PITTSFORD – For a few passing moments Sunday evening, the spectators surrounding the 18th green at Monroe Golf Club were so engrossed in the theater starring Brittany Lincicome and Inbee Park that they seemed to forget about the curtain falling on women’s golf in Rochester.
Really, they couldn’t ask for a better finish than the drama that unfolded in the LPGA Championship. Lincicome had the tournament all but wrapped up before her nerves emerged on the final hole in regulation. Park stuck around long enough and defended her title for her fifth career major.
It eventually came back to golf, the very reason the region supported the women’s tour for nearly four decades before money, as it often does, ruined a good time. The whole week amounted to a long goodbye. The bonus hole provided one final farewell before the moving trucks were packed up until who knows when.
“So many people had so many great memories,” Park said. “It’s good that we have this kind of community that loves golf and is supportive of golf. It’s just really good coming here. We’ll be missing Rochester. We definitely want to come back here for another event.”
Lincicome ultimately, and unintentionally, provided the breathtaking conclusion after failing to manage her adrenaline. They say the toughest thing in golf is making two putts to win a tournament, a theory she confirmed when she left a 25-footer from the fringe 7 feet short in regulation.
Sure enough, back on the 18th for the first playoff hole, her second shot landed inches away from her approach in regulation. She chipped 5 feet past the hole, burned the edge on the putt coming back and left the door open. Park chipped to 4 feet and calmly made her putt for the win.
You had to feel for Lincicome, an engaging and colorful fan favorite who was looking for her second career major and sixth win over 11 seasons on tour. She had a two-stroke lead with two holes to play. Park, in the group ahead, rolled an 8-footer for birdie on No. 17 and made a long par putt on 18 to finish 11-under.
“I was shaking like a leaf,” Lincicome said. “It’s not a fun feeling. I’m human. It’s part of life and growing. Hopefully, I can learn something from it.”
Still, it made for a captivating finish.
Understandably, loyal fans and some 1,200 volunteers who had been showing up all these years were slow leaving Monroe Golf Club. It was as if they were helplessly left behind, waving from the side of the road while a dear friend pulled away. That reality had been hanging over the tournament all week.
“They’ve been so supportive for so long,” Stacy Lewis said. “Everybody is sad that we’re leaving, but I think we’ll be back here in a few years. You know, these crowds today just showed that we should be playing here.”
Women’s golf could return. Perhaps it will even play host to the LPGA Championship, which no longer is anchored after five years in Pittsford. It remains one of the great venues. Attendance has been strong for years, and they came out under ideal playing conditions Sunday.
Rochester losing its place on the LPGA tour is yet another example of large corporations swallowing up mom-and-pop operations. Wegmans has been on the other side, so let’s not kid ourselves. It expanded into six states and had a heavy hand in closing many a corner convenience store.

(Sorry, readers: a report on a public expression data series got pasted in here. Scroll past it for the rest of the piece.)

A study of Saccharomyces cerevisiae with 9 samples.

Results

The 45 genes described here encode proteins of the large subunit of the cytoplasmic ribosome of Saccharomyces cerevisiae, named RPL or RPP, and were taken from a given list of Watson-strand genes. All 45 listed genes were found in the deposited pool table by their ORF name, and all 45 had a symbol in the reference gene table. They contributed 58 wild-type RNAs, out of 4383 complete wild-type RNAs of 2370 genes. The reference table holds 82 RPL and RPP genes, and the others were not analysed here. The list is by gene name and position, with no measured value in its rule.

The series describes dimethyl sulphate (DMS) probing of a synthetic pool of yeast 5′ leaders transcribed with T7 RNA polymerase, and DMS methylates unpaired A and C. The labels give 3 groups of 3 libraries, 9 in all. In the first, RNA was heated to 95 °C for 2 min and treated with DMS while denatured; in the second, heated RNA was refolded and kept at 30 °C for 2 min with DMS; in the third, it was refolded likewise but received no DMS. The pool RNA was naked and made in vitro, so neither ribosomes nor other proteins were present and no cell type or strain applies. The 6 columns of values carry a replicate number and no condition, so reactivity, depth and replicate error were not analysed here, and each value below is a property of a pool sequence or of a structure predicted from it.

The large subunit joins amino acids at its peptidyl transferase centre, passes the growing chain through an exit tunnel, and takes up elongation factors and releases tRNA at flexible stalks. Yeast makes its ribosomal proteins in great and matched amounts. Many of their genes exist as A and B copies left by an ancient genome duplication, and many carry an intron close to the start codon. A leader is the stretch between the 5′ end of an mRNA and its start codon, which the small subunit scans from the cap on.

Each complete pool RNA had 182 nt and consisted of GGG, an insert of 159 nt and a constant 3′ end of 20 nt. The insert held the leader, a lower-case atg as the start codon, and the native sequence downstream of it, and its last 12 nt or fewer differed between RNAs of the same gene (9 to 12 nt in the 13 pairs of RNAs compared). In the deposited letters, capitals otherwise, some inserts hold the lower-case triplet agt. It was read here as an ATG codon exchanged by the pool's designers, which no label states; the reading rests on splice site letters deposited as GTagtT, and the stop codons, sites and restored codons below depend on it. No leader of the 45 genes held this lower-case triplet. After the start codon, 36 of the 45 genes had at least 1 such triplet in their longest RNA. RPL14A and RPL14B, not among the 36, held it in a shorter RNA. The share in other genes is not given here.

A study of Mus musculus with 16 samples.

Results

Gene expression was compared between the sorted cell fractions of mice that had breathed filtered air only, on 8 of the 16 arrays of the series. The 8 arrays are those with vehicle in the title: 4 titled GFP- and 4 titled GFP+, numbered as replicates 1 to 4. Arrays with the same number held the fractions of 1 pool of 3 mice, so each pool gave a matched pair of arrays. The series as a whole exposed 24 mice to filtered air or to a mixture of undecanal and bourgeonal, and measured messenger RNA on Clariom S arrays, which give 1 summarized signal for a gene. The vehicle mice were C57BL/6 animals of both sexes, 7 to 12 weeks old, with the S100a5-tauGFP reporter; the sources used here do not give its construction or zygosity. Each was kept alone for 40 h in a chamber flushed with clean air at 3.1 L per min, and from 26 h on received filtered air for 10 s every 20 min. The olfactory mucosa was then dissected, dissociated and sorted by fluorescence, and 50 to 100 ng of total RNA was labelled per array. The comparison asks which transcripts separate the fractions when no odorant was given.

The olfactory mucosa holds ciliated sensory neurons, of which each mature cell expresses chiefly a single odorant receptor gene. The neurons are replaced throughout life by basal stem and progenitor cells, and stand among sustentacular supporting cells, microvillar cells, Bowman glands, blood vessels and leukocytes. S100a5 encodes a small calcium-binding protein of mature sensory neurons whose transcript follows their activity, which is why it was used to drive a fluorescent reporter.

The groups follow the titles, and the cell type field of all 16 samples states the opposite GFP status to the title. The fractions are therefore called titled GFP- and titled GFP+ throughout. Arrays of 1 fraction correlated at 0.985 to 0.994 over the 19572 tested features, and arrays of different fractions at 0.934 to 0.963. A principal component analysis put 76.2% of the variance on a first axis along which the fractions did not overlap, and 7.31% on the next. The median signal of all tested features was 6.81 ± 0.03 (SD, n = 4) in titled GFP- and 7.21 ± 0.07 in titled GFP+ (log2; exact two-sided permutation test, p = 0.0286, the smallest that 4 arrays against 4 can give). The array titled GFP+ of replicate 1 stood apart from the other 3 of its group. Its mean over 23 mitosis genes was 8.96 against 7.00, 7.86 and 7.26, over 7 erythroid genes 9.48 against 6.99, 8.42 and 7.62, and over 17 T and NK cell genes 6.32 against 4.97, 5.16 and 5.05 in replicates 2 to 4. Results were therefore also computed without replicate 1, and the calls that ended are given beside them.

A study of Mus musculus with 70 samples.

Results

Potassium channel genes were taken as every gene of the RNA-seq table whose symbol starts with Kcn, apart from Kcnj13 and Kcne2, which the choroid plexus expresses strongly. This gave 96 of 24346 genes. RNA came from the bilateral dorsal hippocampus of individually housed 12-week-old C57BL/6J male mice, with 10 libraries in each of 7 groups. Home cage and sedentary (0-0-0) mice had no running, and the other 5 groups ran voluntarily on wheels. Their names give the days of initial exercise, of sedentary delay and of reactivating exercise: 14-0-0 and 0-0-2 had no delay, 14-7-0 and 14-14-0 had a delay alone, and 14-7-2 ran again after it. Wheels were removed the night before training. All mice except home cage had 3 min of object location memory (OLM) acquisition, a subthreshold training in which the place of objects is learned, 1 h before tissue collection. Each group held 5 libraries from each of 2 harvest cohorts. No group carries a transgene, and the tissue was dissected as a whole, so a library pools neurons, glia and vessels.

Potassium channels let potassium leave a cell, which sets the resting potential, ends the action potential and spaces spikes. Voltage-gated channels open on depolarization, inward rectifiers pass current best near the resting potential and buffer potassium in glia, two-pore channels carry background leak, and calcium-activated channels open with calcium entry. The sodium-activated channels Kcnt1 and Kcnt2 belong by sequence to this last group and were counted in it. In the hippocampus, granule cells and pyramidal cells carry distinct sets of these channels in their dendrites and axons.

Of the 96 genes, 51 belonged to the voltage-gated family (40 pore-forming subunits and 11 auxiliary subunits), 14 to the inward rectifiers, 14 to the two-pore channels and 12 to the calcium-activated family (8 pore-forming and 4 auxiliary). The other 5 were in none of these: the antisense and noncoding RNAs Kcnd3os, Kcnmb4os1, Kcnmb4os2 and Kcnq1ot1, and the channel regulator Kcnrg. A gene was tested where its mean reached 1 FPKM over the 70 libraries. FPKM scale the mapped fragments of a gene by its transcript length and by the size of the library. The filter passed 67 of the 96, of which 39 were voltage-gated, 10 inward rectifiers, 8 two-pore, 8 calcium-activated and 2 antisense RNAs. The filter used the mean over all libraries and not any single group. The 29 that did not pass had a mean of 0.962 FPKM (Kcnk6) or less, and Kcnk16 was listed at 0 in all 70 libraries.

The LPGA would stay in Rochester if it could, and Wegmans would continue sponsoring an annual tour stop if it made sense. The supermarket chain already rationalized enough after shelling out $5.8 million – or nearly $1.5 million per day – for the LPGA Championship.
Women’s golf has been in Rochester since 1977, when the first Bankers Trust Open was held at Locust Hill Country Club. Total purse: $75,000. Pat Bradley captured the event and took home $11,000, pennies in the ashtray when compared to the $337,550 winner’s paycheck Sunday.
The money was always a factor, but for years it wasn’t all about the money. The annual stop evolved into a charming event, a communal treasure in a passionate golf community. Six championship courses can be found within six miles of one another, five in Pittsford.
You know about the rich history at Oak Hill, which counts the 1995 Ryder Cup, two PGA Championships and two U.S. Opens as its major events. The women’s game had sustained success and carved its own slice of history with repeat winners such as Nancy Lopez and Patty Sheehan.
For years, interest trumped finances.
Ultimately, interest wasn’t enough.
KPMG is taking over next year and moving the LPGA Championship to Westchester Country Club outside of New York. It will include a $3.5 million purse. The international auditing firm can justify the expense when it’s reaching massing audiences tuning into NBC starting next year.
Wegmans would have the same exposure if it came up with the money, and perhaps it would have stayed in Pittsford. But international publicity does little for a company without a store in 44 states and none outside the U.S. It’s remarkable that Wegmans lasted as long as it did.
“It’s a business choice,” Wegmans vice president Bill Strassburg said “How can you justify the expense? You aren’t an international player who can use the international exposure. … We’re getting exposure in 55 countries or 100 countries throughout the world, but it doesn’t really mean anything to us.”
Understood, but the title sponsor doesn’t mean much to everyone else. Spectators watch because they appreciate the sport and its participants. The women aren’t concerned about who pays them so long as they get paid. The LPGA Tour isn’t much different than any other sport when it comes to money.
It’s an international game fighting for space in a world economy. Every once in a while, we forget about the almighty buck and enjoy the competition in its purest form. In this case, it’s the golf. And that’s what people witnessed on the final hole in the final round, twice, before saying farewell.